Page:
Ask Jesse answer: Finding security holes

Jeff Walden tried to ask:

How do you find security holes?

This isn't a very coherent answer, and I don't know which parts are the most correct or most useful.

I'm good at ad-hoc testing, where I try to find and report as many bugs as I can. From this perspective, a security hole is just a bug that can be abused by an attacker in a way that hurts the user.

I frequently ask myself "What might the author of this code not have considered?". Sometimes I ask myself "How can I prove that this code is correct and secure?" instead.

I spent a lot of time triaging and testcasing Mozilla bugs, so I know a little about many Gecko and Firefox features. I know of many JavaScript and DOM features that tend to hurt security: getters and setters, eval and the version of setTimeout that takes a string, the with statement, prototype chains, and dynamic typing with implicit coercions. I know of several other Mozilla features that tend to lead to security holes: javascript: and data: protocols, synthetic events, security dialogs. I know of some security checks that are scattered and frequently missing: same-origin checks, CheckLoadURI calls.

I take note of places in Gecko where user data interacts with pages: visited link coloring, file upload controls, pasting from the clipboard. These exceptions often interact with other features to create security holes.

Even though I usually have access to source code, I rarely use it. Using Mozilla source is slow for me because lxr is slow, Google Desktop Search refuses to index my Mozilla source tree, and I'm not good at reading Mozilla source. Testing Mozilla like a black box is fast for me because I have tools like the JavaScript Shell.

2 Responses to “Ask Jesse answer: Finding security holes”

  1. Jeff Walden Says:

    Okay, that’s getting in the direction I wanted. This sort of stuff has always intrigued me, because I’ve never had many ideas for how one would go from having what seems to be a fully working program to poking it in unorthodox ways to discovering bugs that can be used to twist the system beyond where it can safely fail. This article gives me a more informed starting point.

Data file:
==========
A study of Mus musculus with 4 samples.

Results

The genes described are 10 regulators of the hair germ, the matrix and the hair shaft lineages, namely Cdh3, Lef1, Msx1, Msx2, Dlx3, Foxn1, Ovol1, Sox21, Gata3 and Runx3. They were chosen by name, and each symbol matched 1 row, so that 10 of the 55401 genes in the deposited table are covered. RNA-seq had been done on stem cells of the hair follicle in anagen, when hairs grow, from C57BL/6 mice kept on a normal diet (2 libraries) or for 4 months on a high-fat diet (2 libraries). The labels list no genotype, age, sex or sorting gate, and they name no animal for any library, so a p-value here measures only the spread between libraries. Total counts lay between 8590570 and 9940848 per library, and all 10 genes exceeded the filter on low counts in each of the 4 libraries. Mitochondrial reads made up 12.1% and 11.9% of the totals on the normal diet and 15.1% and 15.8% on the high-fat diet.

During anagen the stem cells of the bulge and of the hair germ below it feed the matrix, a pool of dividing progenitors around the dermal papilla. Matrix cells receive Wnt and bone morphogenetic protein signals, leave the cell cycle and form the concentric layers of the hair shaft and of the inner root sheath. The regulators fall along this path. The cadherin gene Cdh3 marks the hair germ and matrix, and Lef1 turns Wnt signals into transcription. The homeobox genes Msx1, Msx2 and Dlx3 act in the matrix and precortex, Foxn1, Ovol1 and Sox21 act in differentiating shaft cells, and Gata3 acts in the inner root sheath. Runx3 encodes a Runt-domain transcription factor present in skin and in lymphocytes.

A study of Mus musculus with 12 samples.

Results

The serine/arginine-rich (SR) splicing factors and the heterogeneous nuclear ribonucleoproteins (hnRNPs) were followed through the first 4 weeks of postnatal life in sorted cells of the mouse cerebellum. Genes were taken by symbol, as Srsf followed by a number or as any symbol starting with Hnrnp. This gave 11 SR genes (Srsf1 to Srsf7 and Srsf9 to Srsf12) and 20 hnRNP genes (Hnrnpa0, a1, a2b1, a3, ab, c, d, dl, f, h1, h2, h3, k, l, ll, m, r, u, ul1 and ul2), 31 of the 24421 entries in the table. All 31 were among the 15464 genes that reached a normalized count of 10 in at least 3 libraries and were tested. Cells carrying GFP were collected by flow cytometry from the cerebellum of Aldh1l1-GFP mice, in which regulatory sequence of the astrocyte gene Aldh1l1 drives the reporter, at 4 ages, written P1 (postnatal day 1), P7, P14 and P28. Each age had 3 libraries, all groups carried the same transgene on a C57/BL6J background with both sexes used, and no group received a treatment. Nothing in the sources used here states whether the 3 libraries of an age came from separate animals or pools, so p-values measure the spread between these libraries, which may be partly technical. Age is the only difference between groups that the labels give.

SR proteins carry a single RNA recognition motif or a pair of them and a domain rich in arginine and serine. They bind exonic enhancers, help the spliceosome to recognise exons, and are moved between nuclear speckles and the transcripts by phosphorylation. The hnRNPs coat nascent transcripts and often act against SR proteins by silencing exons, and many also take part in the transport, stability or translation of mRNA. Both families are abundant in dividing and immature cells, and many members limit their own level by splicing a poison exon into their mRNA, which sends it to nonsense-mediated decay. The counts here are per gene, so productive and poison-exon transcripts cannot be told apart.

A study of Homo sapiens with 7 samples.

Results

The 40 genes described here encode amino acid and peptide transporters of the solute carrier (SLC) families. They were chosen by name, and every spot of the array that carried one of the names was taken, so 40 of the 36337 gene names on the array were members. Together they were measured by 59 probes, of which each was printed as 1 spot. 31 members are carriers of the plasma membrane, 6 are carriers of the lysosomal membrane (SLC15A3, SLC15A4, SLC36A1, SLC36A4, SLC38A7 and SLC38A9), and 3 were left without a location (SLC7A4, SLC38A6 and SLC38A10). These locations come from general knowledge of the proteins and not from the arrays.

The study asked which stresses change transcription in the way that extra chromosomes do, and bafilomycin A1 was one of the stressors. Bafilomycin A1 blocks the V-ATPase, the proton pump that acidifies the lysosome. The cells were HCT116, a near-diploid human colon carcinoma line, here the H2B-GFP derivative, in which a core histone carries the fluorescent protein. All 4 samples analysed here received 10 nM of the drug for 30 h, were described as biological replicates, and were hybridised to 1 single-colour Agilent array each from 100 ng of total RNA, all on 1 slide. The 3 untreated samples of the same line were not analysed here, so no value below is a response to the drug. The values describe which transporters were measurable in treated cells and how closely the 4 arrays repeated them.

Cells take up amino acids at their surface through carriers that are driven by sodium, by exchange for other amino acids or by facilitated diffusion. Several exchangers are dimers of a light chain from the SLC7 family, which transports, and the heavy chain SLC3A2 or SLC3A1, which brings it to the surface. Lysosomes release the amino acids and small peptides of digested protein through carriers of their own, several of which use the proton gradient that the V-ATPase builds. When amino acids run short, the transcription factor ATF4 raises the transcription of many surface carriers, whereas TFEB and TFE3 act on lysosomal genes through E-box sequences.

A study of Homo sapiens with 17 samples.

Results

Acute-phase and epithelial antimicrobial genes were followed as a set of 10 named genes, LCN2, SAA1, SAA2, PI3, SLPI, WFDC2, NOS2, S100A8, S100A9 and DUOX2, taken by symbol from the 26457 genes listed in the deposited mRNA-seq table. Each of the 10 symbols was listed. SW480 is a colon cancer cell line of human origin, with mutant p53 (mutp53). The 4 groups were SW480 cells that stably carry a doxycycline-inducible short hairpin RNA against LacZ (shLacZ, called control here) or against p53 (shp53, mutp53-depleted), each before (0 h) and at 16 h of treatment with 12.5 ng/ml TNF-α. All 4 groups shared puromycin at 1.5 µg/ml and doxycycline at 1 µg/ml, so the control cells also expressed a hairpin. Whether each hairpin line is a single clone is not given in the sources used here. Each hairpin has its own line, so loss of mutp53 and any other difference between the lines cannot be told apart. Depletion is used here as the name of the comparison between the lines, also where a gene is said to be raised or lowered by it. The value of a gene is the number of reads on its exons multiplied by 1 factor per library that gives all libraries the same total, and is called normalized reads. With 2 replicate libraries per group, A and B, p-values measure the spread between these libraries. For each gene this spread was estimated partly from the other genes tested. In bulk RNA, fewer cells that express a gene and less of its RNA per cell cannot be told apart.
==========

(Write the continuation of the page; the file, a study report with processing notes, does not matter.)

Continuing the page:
Incidentally, I very, very recently (after I asked the question) stumbled upon a good online example of the sort of article I was requesting. See the article SQL Injection Attacks by Example for a good introduction to finding security holes in database-enabled web applications, which goes through the process of starting from one web form to getting privileged access to the back-end data.

  2. killo Says:

    Great series of articles. I love the honesty with which you compare objectively where each rival browser is more or less secure than Firefox.

    Compare and contrast the people on Mozilla blogs to the sycophantic blog posters on the IEBlog with moronic comments like:

    Can you please tell E-Eye to remove the lies they are spreading about Internet Explorer security holes:

    Monthly security patches were issued _after_ the first two were disclosed, but they are still saying “unpatched” on that page!

    Saying ‘Microsoft leaves security holes unpatched for 2 months’ is typical of the sort of lie that the FireFox kiddies will use to try to unfairly discredit Microsoft’s security record.